Veterans Day is not just another holiday for Hillsborough WWII veteran

HILLSBOROUGH COUNTY, Fla. (WFLA) – For years Earl Miller thought of Veterans Day as just another holiday. That’s not the case anymore.

“A lot of my buddies that I was in the service are no longer here. It means so much more now,” Miller said.

Miller is now 94.  He lives with his wife Goldie in Hillsborough County.

He was only 19 years old, listening to a ham radio, when he heard Japan attacked Pearl Harbor, drawing America into World War II. “Actually I was probably like most people, ‘Where is Pearl Harbor?'” he explained.

Earl Miller

Miller enlisted in the Army Air Corps. He ended up in the 14th Armored Division. “My responsibility was to keep the radios working,” Miller said.

In December 1944 the Battle of the Bulge unfolded. The Germans launched a massive desperate offensive, hammering American positions with artillery, tanks and infantry.

“When you have those shells falling around you and there’s not a whole, a lot of places to hide, you don’t know what’s coming the next minute. And that was my fear, my greatest fear,” Miller said.

He remembers bitter cold and more bitter losses. “I’m glad I made it through there; a number of my friends did not make it through there,” Miller said.

German artillery tore into Miller’s left arm in April 1945. He returned to his unit on May 7; the war in Europe ended May 8.

“That didn’t make me a bit unhappy,” Miller said. “There’s no such thing as a good war, but World War Two was a necessary war.”

Miller returned to his native Minnesota. In 1955 he did a quick job for Tampa Electric during Gasparilla. He remembers it was sunny and 75 degrees.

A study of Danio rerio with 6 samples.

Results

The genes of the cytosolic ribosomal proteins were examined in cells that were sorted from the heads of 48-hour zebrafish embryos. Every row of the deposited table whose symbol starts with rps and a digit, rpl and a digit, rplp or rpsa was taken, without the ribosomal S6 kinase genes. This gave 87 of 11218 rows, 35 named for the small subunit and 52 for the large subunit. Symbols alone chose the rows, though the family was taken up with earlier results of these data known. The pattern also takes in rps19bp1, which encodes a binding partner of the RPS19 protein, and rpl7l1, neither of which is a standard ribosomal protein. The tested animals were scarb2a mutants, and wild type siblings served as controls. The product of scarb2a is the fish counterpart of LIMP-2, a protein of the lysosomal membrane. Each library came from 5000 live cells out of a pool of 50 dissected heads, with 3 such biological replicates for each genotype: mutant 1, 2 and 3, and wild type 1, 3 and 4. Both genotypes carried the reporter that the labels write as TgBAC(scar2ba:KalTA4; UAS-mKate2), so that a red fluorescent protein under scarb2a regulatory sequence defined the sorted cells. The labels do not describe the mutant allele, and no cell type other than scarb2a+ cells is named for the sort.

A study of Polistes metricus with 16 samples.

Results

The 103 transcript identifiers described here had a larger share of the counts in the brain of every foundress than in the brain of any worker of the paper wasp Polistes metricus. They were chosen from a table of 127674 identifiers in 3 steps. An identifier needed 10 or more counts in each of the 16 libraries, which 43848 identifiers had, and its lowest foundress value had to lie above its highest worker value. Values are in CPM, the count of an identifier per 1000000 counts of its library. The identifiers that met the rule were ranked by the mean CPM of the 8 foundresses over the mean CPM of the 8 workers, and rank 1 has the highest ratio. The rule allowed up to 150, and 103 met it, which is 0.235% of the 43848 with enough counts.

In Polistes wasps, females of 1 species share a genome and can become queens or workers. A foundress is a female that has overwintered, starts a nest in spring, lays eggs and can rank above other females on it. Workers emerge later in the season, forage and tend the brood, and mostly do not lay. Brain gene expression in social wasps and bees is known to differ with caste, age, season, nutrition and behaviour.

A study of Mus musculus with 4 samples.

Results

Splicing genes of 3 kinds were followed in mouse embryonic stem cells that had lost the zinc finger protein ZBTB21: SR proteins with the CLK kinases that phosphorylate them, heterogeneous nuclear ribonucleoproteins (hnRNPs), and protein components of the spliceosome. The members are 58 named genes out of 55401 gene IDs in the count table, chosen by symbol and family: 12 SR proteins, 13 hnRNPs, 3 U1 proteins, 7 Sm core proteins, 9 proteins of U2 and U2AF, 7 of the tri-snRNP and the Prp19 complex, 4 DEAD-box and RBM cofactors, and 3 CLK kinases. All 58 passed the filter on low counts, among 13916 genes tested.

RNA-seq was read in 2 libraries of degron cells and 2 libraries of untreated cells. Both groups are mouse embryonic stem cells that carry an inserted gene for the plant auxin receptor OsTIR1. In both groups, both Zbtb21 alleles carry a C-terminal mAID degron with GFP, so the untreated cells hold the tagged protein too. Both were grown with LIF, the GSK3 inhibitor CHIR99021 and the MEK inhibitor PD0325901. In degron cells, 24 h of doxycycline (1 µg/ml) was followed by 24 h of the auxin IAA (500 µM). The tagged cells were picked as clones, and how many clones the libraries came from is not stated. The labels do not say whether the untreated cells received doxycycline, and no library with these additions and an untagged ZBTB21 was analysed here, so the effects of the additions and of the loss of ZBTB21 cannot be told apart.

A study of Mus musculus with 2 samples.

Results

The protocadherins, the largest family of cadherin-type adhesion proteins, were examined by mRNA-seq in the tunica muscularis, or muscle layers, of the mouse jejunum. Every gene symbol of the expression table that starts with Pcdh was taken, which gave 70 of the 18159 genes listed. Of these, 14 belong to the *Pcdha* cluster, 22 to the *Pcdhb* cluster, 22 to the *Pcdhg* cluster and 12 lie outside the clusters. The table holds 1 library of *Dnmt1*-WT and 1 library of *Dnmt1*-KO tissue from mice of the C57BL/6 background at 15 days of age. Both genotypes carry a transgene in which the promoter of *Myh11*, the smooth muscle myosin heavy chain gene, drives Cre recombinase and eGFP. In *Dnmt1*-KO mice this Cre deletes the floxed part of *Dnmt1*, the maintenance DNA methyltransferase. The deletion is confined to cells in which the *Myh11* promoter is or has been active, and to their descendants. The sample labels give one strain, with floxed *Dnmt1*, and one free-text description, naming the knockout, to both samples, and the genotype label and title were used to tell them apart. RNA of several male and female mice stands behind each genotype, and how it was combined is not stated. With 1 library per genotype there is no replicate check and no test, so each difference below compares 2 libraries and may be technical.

“I finished the job on Wednesday, got on an airplane, flew back to Minneapolis, got there at 10:30 at night. It was 20 below zero, and my car wouldn’t start,” he remembered.

He’s been in Tampa ever since.

Miller put the war behind him, raised a family and enjoys his life at University Village, a retirement community in Hillsborough County.

On Veterans Day his uniform, more than 70 years old, comes out of the closet. “I was one of 15 and a half million people who were out there,” he said. “We adopted the attitude that we had to go over and do what we did and we did it, and we came back and went on with our lives.”

He thinks of the present. “I think those who are in uniform now need our concern and prayers,” Miller said.

It’s no longer just another holiday. provides commenting to allow for constructive discussion on the stories we cover. In order to comment here, you acknowledge you have read and agreed to our Terms of Service. Commenters who violate these terms, including use of vulgar language or racial slurs, will be banned. Please be respectful of the opinions of others and keep the conversation on topic and civil. If you see an inappropriate comment, please flag it for our moderators to review.